An announcement from the Central Committee of the Communist Party of China asserts the country’s determination to eliminate imports of solid waste by the end of 2020. However, it is not yet clear whether this is a new policy or a reaffirmation of a strategy from last year.

The Xinhua news agency has reported on a wide-ranging policy statement from the central committee released on 16 June that outlines the Chinese government’s overall strategy for reducing pollution in itscountry.

An unofficial translation by the US-based Institute of Scrap Recycling Industries (ISRI) is: ‘China has completely banned the entry of foreign garbage, cracked down on smuggling, drastically reduced the number and types of solid waste imports, and strives to achieve zero imports of solid waste by the end of 2020.’

‘No doubt’

ISRI says it believes this is ‘a reaffirmation of policy statements made in 2017 rather than a new policy or a new ban, although we are in the process of confirming that’.

It adds: ‘There is no doubt that China’s import restrictions continue to create many challenges for the recycling industry, especially given the short transition time. But this statement confirms that the restrictions are here to stay.’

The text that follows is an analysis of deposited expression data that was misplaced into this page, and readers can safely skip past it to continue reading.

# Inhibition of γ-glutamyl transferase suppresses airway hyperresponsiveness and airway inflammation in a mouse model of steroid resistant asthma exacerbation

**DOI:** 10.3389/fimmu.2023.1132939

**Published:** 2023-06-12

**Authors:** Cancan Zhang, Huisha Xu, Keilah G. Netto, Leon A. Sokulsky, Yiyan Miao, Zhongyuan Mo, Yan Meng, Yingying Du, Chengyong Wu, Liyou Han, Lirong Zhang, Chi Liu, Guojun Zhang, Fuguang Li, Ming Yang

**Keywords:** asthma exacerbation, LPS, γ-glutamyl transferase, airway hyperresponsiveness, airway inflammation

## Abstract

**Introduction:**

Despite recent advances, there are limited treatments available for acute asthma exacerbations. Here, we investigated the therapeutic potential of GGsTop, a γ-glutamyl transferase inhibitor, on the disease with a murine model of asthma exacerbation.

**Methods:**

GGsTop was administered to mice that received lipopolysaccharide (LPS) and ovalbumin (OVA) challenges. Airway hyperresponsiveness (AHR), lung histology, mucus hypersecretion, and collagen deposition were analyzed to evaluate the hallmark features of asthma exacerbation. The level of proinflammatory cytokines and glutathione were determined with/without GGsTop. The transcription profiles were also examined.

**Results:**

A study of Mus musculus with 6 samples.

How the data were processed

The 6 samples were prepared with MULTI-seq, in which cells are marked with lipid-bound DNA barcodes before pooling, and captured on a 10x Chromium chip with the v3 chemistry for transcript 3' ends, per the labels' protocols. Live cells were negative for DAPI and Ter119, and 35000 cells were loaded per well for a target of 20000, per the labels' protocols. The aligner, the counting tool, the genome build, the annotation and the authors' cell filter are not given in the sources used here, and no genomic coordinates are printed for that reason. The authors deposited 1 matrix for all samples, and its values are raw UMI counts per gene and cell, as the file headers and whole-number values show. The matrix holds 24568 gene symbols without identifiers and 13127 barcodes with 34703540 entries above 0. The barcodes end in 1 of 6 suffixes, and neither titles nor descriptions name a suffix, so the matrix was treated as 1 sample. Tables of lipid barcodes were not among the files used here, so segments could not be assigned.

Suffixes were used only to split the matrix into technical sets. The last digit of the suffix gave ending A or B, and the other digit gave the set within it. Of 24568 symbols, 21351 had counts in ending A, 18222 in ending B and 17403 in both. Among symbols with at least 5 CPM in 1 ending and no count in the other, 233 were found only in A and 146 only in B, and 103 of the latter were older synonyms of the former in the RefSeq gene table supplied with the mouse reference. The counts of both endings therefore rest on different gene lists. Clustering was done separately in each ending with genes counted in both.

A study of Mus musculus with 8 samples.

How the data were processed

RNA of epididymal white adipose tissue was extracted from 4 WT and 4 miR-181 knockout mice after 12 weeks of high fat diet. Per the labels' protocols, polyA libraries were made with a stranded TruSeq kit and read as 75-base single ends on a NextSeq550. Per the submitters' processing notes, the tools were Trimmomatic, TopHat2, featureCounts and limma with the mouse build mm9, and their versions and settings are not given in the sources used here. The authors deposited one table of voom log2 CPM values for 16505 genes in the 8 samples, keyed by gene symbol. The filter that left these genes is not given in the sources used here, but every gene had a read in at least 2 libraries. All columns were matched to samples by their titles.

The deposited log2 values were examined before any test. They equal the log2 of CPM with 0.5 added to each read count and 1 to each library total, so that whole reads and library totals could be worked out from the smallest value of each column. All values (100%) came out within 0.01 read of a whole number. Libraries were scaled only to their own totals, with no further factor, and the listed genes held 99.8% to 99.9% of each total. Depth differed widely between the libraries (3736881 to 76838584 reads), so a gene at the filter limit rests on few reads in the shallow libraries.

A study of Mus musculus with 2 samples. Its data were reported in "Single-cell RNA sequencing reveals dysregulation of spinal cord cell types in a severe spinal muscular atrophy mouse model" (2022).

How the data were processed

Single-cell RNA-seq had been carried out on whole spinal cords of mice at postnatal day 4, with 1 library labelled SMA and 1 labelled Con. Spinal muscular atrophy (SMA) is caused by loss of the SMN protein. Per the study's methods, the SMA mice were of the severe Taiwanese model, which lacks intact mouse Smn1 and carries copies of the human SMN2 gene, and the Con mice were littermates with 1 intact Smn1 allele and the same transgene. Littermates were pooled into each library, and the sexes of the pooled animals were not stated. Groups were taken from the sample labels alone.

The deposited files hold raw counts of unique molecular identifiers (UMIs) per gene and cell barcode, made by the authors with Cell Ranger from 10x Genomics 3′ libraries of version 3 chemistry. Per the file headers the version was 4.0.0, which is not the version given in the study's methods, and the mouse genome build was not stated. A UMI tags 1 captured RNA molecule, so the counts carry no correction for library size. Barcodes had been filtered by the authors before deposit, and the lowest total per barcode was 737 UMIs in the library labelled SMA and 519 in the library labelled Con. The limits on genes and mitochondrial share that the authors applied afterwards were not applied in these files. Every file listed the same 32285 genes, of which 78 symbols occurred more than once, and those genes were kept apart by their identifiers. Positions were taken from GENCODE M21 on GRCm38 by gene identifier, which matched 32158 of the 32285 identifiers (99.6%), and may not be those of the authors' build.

Previous policy drives by the Chinese, such as Operation Green Fence in 2013 and the current Operation National Sword have had severe impacts on the exports of secondary materials from the US, Europe and other ‘developed’ areas.

Not self-sufficient

The Bureau of International Recycling (BIR) has responded to the new statement by saying: ‘As Governments create their circular economies by substituting primary raw materials with recycled raw materials, questions will inevitably arise about exactly when wastes cease to be wastes and become those recycled raw materials.

‘Furthermore, countries that are not self-sufficient in recycled raw materials will need to import them for their manufacturing needs. BIR predicts further changes to Chinese standards and laws in order to affect its recycled raw material needs.’